Last week, after seven episodes of Little Fires Everywhere, I concluded that it was a messy, overdramatized adaptation of Celeste Ng’s source material that seemed more determined to fetch awards for Reese Witherspoon and Kerry Washington than to tell Ng’s story. While the finale doesn’t completely change my assessment — in particular as it concerns the VERY SHOWY lead performances — I will concede that the series ultimately nails the book’s themes about motherhood and provides a marginally better ending than that of Ng’s novel.
In Ng’s novel, it’s Izzy who set the “little fires” that resulted in the destruction of the Richardson house, and that is never in doubt. The series, however, teases the identity of the arsonist as a mystery and ultimately pays that off by maintaining the spirit of the novel’s end but switching the identit[ies) of the arsonist[s]. Izzy pours the gasoline that leads to the fire, but it is her siblings who ultimately strike the match that sets the house aflame after Izzy has already run away.
Given how melodramatic I thought the previous episodes of Little Fires Everywhere were, I was surprised at how moving the finale is, and how it gelled around Witherspoon’s phenomenally powerful delivery of, “You think I wanted a daughter like you? I never wanted you in the first place!” The entire family dynamic shifted in the way that Lexi responded to that utterance with shocked “Mom!” that came out like a squelch. We could feel, in the stunned silence that followed, the entire family turning against Elena, which ultimately leads to their decision to burn down the house on Izzy’s behalf.
It’s a smart wrinkle because Izzy’s anger, frustration, and hurt with her mother remain intact, but it also adds in her siblings’ perspective. After Elena tells Izzy that she never wanted to be her mother, Lexi, Trip, and Moody see Elena for the corrosive, destructive force that she is. Instead of leaving Lexi, Trip, and Moody to languish as representations of their mother’s personality, this ending actually brings their own stories full circle. Their decision to set aflame the gasoline that Izzy poured not only provides an exclamation mark to their own stories, but it bonds them to Izzy. The decision to burn down the house is not just about that bond, but it’s also about destroying the carefully constructed but fragile lie that they all hid behind.
Ultimately, it makes Elena’s decision to take the blame for the fire all the more understandable. She does it not just because she now understands how she failed Izzy, but because she has failed all of her children by trapping them in that lie with her. The one thing missing from the novel, however, is Elena’s determination in the end never to give up on finding Izzy (who leaves for Pittsburgh in the novel), as well as Izzy’s vow to continue running away no matter how many times she is brought home. It’s fairly evident, however, that those unspoken sentiments still exist in the series. Elena has lost Izzy for good (and no, it is very unlikely that there will be a second season).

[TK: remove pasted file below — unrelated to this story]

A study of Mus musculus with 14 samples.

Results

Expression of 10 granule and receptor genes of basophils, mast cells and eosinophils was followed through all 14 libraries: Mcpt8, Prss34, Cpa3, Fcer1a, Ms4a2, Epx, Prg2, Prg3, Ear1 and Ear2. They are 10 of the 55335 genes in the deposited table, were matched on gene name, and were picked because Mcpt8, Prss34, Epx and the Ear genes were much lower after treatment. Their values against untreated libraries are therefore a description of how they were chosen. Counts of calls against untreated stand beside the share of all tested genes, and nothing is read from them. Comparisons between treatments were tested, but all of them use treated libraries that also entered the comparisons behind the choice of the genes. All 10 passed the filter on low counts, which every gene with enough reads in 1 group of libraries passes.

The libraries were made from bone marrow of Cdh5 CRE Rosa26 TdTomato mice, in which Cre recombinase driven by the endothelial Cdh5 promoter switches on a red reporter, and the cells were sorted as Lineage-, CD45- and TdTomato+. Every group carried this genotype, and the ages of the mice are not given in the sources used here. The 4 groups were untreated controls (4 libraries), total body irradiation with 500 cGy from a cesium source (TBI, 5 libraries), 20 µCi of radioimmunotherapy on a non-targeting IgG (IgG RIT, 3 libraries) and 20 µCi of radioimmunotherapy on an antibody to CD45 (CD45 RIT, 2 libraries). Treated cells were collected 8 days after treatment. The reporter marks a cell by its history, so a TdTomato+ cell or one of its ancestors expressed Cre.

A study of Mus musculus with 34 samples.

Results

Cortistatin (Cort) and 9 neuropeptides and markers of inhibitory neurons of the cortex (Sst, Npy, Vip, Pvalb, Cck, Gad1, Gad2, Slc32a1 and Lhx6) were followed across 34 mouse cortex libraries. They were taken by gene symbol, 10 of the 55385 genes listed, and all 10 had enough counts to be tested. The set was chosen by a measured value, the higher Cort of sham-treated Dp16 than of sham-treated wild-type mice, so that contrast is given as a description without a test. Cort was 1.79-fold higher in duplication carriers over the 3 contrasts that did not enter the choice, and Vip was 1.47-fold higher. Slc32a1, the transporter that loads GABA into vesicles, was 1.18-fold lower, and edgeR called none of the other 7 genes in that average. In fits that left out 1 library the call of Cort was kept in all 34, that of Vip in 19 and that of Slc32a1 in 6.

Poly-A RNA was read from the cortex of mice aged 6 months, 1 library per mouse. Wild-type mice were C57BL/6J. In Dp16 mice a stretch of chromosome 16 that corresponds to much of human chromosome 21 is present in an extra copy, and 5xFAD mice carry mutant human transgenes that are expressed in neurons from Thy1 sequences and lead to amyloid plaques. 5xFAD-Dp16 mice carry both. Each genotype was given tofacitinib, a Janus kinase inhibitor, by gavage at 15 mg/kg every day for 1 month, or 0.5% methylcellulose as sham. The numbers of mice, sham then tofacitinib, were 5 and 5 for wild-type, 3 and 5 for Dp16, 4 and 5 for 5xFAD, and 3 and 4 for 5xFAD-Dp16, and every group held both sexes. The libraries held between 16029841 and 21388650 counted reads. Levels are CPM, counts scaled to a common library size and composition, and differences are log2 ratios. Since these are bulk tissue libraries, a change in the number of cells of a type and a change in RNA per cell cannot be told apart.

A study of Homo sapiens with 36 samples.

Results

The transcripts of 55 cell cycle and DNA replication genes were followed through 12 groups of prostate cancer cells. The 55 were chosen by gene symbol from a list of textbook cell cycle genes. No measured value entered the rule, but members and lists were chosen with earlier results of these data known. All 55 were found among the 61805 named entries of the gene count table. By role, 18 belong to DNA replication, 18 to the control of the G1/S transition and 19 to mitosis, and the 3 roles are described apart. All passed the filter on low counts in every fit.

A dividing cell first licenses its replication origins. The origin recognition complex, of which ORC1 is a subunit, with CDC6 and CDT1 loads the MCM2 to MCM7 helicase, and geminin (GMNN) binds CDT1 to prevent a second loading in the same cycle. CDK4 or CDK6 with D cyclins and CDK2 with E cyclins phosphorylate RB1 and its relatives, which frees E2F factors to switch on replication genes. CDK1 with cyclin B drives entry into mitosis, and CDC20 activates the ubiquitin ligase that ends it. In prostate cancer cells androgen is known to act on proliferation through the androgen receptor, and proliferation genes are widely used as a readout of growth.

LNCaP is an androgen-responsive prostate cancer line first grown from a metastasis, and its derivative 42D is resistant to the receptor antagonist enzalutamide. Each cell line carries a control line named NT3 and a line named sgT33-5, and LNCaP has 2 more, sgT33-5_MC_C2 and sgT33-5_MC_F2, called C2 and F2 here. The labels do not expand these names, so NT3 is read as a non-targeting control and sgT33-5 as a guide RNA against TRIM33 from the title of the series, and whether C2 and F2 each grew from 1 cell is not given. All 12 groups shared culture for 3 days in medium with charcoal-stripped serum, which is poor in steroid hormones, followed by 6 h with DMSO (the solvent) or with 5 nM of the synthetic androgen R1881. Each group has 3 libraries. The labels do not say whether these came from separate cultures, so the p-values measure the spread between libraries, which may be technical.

There are also a couple of other slight wrinkles in the novel worth mentioning: Mia and Pearl not only decide to reconnect with Mia’s family but also Pearl’s biological father. Meanwhile, after spending thousands of dollars in search of Bebe — who kidnaps her baby after losing her in court — the McCulloughs eventually give up and adopt a baby from China.
The series, however, remains faithful to the themes of the novel, particularly those about the connections between mothers and daughters both biologically and non-biologically. Elena believes that the biological connection is enough to keep her daughter Izzy tied to her, although she learns otherwise in the end when her worst nightmare — losing her daughter — comes to fruition. Meanwhile, Mia has to admit to the truth about Pearl’s complicated biology and give up some parental dominion in order to maintain her bond with her daughter. The question about who is most deserving of Bebe’s baby, however, remains open in both the novel and the series, although both also acknowledge that the only reason the question is being debated is because of the racial and socioeconomic inequities in Shaker Heights.